A lazy day, a necessity. We took our time getting up and organized, and Pat made scrambled eggs (with pecorino cheese) for the boys. We alternately toured the city center and conducted reconnisance missions. The municipal swimming pool was empty, we found reasonably priced coffee, peering through the gates was sufficient for the “mini-Pompeii” archaeological sites and we visited the river for a view of the Roman arch bridge. Its been there for 2,000 years, surviving even a flood that killed thirty people in recent times. Locating the Internet cafe was the only failed mission.
We crossed the river and walked into the walls of the old medieval town. It was very pleasant, owing to a lack of similar minded tourists. But there wasn’t that much to see. The cathedral appeared gutted on the inside and the castle on the summit was incomplete and inaccessible. However, the view over to Mount Ventoux was quite nice. Like Mt. Rainier, it appears to make its own weather, and the summit was engulfed in its own private cloud. Provence has 300 days of sunshine, but we’ll be lucky if we get a good day for a visit to the summit of nearby Mount Ventoux for its Pyrenees-to-Alps views. (Photo 81)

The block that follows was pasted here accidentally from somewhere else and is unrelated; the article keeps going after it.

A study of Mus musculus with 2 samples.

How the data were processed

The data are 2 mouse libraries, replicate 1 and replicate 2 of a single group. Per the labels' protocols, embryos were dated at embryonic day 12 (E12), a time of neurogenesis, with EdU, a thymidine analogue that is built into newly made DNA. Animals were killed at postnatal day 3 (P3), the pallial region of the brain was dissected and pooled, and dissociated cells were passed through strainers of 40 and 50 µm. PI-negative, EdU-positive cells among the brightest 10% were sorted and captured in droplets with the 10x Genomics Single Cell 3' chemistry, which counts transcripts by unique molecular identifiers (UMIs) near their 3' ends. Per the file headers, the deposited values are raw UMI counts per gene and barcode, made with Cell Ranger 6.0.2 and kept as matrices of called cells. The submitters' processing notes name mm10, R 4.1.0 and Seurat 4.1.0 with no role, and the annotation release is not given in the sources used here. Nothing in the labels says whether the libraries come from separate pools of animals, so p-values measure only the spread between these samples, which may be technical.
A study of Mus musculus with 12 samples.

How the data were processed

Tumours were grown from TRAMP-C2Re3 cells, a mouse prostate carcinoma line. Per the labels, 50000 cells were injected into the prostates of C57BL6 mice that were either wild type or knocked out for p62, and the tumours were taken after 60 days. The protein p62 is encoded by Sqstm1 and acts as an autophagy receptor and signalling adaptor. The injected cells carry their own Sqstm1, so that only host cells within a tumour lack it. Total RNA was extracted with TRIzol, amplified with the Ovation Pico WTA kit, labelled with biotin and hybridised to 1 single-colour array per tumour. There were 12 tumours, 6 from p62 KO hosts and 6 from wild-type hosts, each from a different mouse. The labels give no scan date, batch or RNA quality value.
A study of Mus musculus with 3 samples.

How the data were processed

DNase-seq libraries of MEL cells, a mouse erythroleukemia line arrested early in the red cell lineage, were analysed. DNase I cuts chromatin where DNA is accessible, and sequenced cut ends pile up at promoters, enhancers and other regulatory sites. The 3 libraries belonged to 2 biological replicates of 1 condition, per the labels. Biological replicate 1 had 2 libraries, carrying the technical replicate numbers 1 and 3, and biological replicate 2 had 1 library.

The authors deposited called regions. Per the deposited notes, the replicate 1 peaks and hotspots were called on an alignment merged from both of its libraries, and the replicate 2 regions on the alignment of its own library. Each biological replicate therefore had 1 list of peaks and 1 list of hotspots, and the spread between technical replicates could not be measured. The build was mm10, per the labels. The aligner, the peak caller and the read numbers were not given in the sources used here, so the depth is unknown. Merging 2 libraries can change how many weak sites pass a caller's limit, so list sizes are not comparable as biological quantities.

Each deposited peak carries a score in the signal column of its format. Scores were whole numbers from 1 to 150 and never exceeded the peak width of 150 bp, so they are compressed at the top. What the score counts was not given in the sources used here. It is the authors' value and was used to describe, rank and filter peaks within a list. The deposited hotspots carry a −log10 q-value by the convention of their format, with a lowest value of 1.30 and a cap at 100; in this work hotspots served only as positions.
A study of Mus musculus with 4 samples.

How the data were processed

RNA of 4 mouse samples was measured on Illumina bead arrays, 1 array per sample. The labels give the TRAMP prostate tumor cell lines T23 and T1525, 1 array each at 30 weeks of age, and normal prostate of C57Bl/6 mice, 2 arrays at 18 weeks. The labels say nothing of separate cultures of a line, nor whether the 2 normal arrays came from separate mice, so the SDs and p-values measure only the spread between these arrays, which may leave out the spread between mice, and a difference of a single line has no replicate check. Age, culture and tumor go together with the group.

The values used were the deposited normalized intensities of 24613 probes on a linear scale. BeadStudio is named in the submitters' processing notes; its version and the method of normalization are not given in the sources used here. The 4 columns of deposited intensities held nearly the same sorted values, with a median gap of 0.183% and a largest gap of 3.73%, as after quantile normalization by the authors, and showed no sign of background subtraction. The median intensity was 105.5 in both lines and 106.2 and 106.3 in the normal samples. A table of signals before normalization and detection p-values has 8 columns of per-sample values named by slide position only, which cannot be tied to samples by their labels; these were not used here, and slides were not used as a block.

We bought crummy sandwiches in town and brought them home for lunch. David and I took a walk and located the Internet cafe (closed Sunday), learning a lesson in French addressing schemes in the process. Homework (lots of math), journal editing, a nap, reading and soccer practice rounded out the afternoon for a pleasant change in the power-tourist routine.
We tried another cafe on the north side of the city square (one of five or six in a row) and did much better at getting a square meal for a decent price. Pat has figured out beverages, using the right terms to get a carafe of house wine and a pitcher of tap water (rather than the 4.50 euro half-liter of water we bought last night that tasted odd).